Reality Check: What is affordable housing?
With property prices rising faster than wages, affordable housing has become a hot topic.
Chancellor Phillip Hammond is expected to announce policies in the Autumn Statement aimed at tackling the problem.
In January, then Prime Minister David Cameron said government would step in and directly commission thousands of new affordable homes.
He pledged £1.2bn over the next five years to build affordable starter homes.
But what do we mean by affordable?
The government's definition when it comes to renting is that affordable homes should cost no more than 80% of the average local market rent.
When it comes to home ownership, it is a little less clear-cut.
The government definition of affordable housing states it must be provided at a level at which the mortgage payments on the property should be more than would be paid in rent on council housing, but below market levels.
That is clearly a very broad range.
It must also be able to remain at an affordable price for future eligible households.
The starter homes announced earlier in the year will be sold with at least a 20% discount on market value, but these are reserved for first-time buyers under the age of 40.
It is not the first time a politician has targeted this group.
In 2004, then Deputy Prime Minister John Prescott announced plans to build homes for just £60,000.
Eight of the 10 planned developments were completed, but the houses were sold for far more than promised - an average of £231,000 in one development.
Others have attempted to come up with a definition of affordability for people at any age and in any living situation.
Housing charity Shelter says affordable housing should cost no more than 35% of your household income after tax and benefits.
The charity acknowledges, however, that 35% of your income will be more difficult for people on very low incomes to pay than for those who earn more.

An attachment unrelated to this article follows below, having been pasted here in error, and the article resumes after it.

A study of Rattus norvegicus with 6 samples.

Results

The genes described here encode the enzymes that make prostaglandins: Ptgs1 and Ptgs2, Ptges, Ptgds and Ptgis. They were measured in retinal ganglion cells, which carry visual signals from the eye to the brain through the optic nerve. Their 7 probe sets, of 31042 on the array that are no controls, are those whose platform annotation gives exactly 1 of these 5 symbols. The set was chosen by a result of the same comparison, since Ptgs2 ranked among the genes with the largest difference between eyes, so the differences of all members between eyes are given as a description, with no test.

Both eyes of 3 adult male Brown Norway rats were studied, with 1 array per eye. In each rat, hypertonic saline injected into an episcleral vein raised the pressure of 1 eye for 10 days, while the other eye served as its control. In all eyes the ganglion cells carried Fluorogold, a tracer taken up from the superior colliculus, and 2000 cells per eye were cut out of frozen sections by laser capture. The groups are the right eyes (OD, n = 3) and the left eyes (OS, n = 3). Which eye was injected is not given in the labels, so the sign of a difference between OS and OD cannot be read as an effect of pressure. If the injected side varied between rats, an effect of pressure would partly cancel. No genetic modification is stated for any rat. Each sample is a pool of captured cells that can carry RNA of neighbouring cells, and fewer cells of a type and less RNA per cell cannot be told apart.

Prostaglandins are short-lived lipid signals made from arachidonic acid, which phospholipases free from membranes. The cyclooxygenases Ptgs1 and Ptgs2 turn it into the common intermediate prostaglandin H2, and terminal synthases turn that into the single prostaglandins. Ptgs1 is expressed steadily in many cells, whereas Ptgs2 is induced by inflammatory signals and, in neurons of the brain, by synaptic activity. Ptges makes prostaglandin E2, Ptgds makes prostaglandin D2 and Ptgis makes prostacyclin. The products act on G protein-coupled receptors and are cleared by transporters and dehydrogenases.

But that does not give you the whole picture in terms of what larger or less well off households can afford to pay.
A single person living in a flat and taking home £1,500 a month, for example, can pay £525 in rent, leaving them with just under £1,000 to live on.
But clearly this £1,000 would not stretch as far for a single-income, two-parent family with three children.
A room in a flat share at about £500 a month may be affordable and appropriate for that single person.
It is also technically affordable for the family of five, but it does not constitute appropriate accommodation.
Equally, a family of four paying 35% of a household income of £6,500 a month still has £4,225 left to pay for food, utilities, leisure and so on.
The same-sized family earning a total of £1,500 a month has £975 left.
The government in 2007 used 25% of gross income as the figure for what was affordable.
Westminster v Burnley
According to figures from building society Nationwide, in 2016 the average UK mortgage payment was 34.5% of take-home pay.
This figure has remained fairly consistent since 2009.
How affordable home ownership is to you also depends heavily on where you live.
Average house prices range across the country between £129,750 in north-east England and £484,716 in London, while average weekly earnings range from £483 in the East Midlands to £671 in London.
The Office for National Statistics looks at the ratio between average annual salaries and house prices when considering affordability.
The London Borough of Westminster was the least affordable place to buy a house in 2015, with prices 23 times greater than the median gross annual salary.
Burnley was the most affordable place to buy a house in 2015, with prices at less than four times the average salary.